In the beginning, the black and white forms emerged from the photographer’s developing fluid. “First there was nothing—and then suddenly something.” This is the story of Genesis as rendered in Ingo Schulze’s latest novel, “Adam and Evelyn,” a book steeped in biblical imagery, not least in its eponymous wordplay. Translated by John E. Woods, the novel is also a reflection on the struggles and harsh realities of life in former East Germany. Schulze’s novel is the story of Lutz Frenzel, a women’s custom tailor known to everyone as Adam, and his younger girlfriend Evelyn Schumann. They live together in a well-kept house where Adam does fittings for his rich and influential clients while Evelyn is at her waitressing job. Adam designs outfits for his clients, takes their photographs wearing his creations, and then has sex with them. One day, Evelyn quits her job and comes home early, catching him in the act. When she decides to take a vacation to unstable Hungary with her restive best friend and her friend’s flirtatious cousin from the West, Adam follows, setting into motion a chain of events that will lead to new lives for both of them in the supposed capitalist paradise of West Germany.
“Adam and Evelyn” is a love story based on the fall of man, set during the fall of communism. The story depends on these two falls, but it only succeeds in capturing the first. In general, stories set in the German Democratic Republic (GDR) have the advantage of juxtaposing the human emotions and aspirations of their characters against the impersonality of a police state. To achieve this, such stories must inhabit the landscape and atmosphere of the GDR: the buildings made from concrete blocks stacked on top of each other, the industrial grayness of socialism. Schulze’s novel does not do this, and therefore forfeits the potential resonance of its setting. The two protagonists argue over leaving the East behind, but their passions seem dry and unfounded. Adam wishes to return to his comfortable home and the life with which he is familiar. “Do you think I can just turn my back on everything—on the house, the garden, the graves, everything?” And indeed, this seems like a convincing argument, because Schulze neglects to convey the problems with life in the GDR; in contrast, Evelyn’s rejection of her homeland seems inadequately developed.
And yet, Adam’s struggle to hold onto love as he falls from grace is convincingly and touchingly portrayed. The story is bookended by images of figs and a car repairman, curious symbols which appear at Evelyn’s departure and at the couple’s final reunion. These serve to make their reunion like a new beginning. The regaining of paradise, in the form of escape from communism and a new life in the West, is meant to mirror the healing of the couple’s love. The problem is that we only get a full picture of the latter: Schulze focuses exclusively on the love story and never develops the historical parallels he seems to think are so important. Occasionally, though, Schulze manages to connect the two ideas. “Do you really believe it will all just go one like before? That would be absurd,” says Evelyn, and she is referring to her relationship with Adam as much as to the uncertain situation in the East. Nevertheless, the book never attains the depth for which it strives because it fails to capture the bleakness of the life they leave behind.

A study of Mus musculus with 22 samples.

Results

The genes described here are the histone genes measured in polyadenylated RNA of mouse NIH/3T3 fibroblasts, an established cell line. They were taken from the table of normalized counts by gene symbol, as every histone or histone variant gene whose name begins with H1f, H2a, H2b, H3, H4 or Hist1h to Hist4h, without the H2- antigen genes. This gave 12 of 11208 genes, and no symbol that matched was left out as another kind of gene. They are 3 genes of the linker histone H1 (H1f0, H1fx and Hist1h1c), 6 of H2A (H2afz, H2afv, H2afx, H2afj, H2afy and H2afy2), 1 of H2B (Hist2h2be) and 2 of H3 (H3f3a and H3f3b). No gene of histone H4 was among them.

Despite this thematic superficiality, “Adam and Evelyn” is entertaining and readable. This is largely due to the dynamic, likeable characters. They seem meant for each other despite the vast differences between them. Evelyn is more impetuous. She keenly feels the stagnancy of her life in the East, having three times applied and three times been rejected to study at the local university. The West is a promised land for her, where waitressing would be a springboard to better things and not an end in itself. She blossoms amid the unknown freedoms of the West. She is always hopeful that things will somehow work out, even though Adam hates that idea. “Enough with the ‘somehow,’ ‘somehow’ is awful,” he says. The strength of Evelyn’s character lies in this optimism, which soothes and balances Adam’s penchant for despair.
Adam is the exact opposite of Evelyn. His life is built around structure, routine, and orderliness. He is comforted by his house, his white picket fence, his garden sandals, and his basement darkroom where he develops photographs of the outfits he designs. But despite this seeming innocuousness, Adam is not a naturally sympathetic character. He never genuinely apologizes for his infidelity. His method of coping with the shock of life in the West is to ignore Evelyn completely. “He acts like he’s the first and only person on earth,” Evelyn says, and she is right. Still, he manages to garner sympathy through sheer doggedness; somehow his stalking Evelyn through multiple countries makes perfect sense and even serves to prove his love. The strength of Adam as a character lies in his need for Evelyn, to whom he clings as if she really were made from his own rib.
Really good novels echo in the reader’s mind after the pages are shut. Putting them down at the end is like trying to set aside a strong emotion. “Adam and Evelyn” does not reach these heights. The contrast between East and West, old and new, is simply too shallow. But despite this fatal flaw, the book still has many lesser merits. Schulze writes with rich imagery, from the first image of the photographs emerging from their chemical bath, to the last image of photographs burning. If the majority of the book were not in dialogue, this sumptuous imagery might help it reach the stylistic beauty for which it strives. As a love story, it is satisfying and resolutely optimistic. It does not devastate, it does not enlighten, but it does not disappoint either. Yet as a parable, one cannot help but wish for something more.